The Web Standards Project » Adobe TF Working together for standards Fri, 01 Mar 2013 18:30:30 +0000 en hourly 1 Announcing the Adobe Task Force Mon, 10 Mar 2008 17:27:58 +0000 Stephanie (Sullivan) Rewis The Web Standards Project Dreamweaver Task Force was created in 2001 to accomplish two tasks: to work with Macromedia (later Adobe) to improve the standards compliance and accessibility of Web pages produced with Dreamweaver and to communicate effectively within the online Dreamweaver community. Having successfully completed its initial goals, WaSP announces that the Dreamweaver Task Force will be renamed the Adobe Task Force to reflect a widened scope. The Adobe Task Force will collaborate with Adobe on all of the company’s products that output code or content to the Web, and will continue to advocate compliance with Web Standards and accessibility guidelines by those who use Adobe’s products to design and build Web sites and applications. Read the press release to learn more.


(October 2007: It should be noted that since this assessment, the Spry Framework has undergone revision. We are currently assessing the newest version and will report our findings.)

Sadly, at this initial stage it seems that the goal of easy-of-use has been held higher than even the most basic principals of valid markup and accessibility best practise. Opting to make implementation as simple as possible, Spry uses custom attributes and old-school obtrusive JavaScript techniques, welding the behaviour layer firmly to the content.

On the subject of custom attributes, Adobe’s Donald Booth responds:

We were trying to stay away from custom attributes for validation reasons. But, there was no way to implement if...then statements with out one. And we were defining the datasets within the class attribute. This was troublesome, and since we were already breaking validation with the if...then, we decided to go to all custom attributes.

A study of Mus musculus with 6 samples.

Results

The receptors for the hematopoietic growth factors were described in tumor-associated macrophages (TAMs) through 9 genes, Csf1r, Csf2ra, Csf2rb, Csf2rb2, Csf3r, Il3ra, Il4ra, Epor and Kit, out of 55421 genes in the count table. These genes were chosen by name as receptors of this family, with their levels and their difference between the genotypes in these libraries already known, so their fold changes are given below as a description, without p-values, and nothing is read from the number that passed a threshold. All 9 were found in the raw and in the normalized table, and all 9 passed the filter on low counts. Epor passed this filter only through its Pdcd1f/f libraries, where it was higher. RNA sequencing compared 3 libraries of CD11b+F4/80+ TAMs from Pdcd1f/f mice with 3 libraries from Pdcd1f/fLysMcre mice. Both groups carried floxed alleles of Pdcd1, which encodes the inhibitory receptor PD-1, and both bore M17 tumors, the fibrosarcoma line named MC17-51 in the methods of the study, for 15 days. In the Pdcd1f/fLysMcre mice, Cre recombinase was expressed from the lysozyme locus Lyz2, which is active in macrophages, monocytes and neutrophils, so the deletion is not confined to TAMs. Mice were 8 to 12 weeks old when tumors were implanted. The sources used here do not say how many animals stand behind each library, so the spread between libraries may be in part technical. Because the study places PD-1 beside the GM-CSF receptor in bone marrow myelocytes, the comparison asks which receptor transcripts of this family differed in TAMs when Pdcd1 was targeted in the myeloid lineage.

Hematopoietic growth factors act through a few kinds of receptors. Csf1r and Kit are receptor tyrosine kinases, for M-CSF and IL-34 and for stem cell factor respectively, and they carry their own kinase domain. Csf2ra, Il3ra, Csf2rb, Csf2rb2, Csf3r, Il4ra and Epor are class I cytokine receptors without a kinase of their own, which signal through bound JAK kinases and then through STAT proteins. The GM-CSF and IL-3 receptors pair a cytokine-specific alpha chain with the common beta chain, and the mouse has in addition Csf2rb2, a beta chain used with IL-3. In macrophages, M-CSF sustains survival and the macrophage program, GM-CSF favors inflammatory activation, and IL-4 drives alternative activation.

Replace “breaking validation” with “breaking our customers’ pages” at your own discretion.

Of course, Spry is just a preview and Adobe are actively soliciting feedback. As it currently stands, the framework is certainly not ready for prime-time, and if it’s the sort of framework you’d otherwise find useful, we’d encourage you to investigate it and offer constructive feedback.


One such example is Microformats. As a rapidly evolving area of development, it makes sense to implement support as an extension rather than wait for another product cycle to come around only to find the state of the art has changed. Extensions are fairly quick to implement and can be easily updated with time.

The DWTF thought it would be good if we produced some basic extensions to help provide support for Microformats in Dreamweaver. A public beta is available today.

In this release we have support for hCalendar, hCard, rel-license, rel-tag and XFN, which is a strong start. Hopefully we can improve these based on feedback, as well as adding some more in the future.


Written by WaSP member Rachel Andrew of the Dreamweaver Task Force, and tech edited by Group Leader Molly E. Holzschlag, Build Your Own Standards Compliant Website Using Dreamweaver 8 is apparently everything you need to create standards compliant, accessible, cross-browser compatible websites with – you guessed it – Macromedia Dreamweaver 8.

Sample chapters are available, and the book is shipping right away. When asked to say something witty for the folks at home, Rachel uttered:

My aim was not only to show existing Dreamweaver users how to work with web standards, but to also help out those who are already up to speed with standards but need to know how to apply that within Dreamweaver.

Of course, Rachel isn’t the only DWTF member to be working on book projects, and we hope to have more exciting announcements for Dreamweaver users later in the year.


The Project is very pleased to welcome both Jesse and Stephanie as Task Force Members.

The WaSP Dreamweaver Task Force was created in 2001 to work alongside Macromedia in increasing support for web standards in their flagship visual web editor, and also to communicate to the user community how best Dreamweaver can be utilised for standards-based design. They also like eating cookies, making paper planes, and carving miniature paddle-steamers from disused car tyres.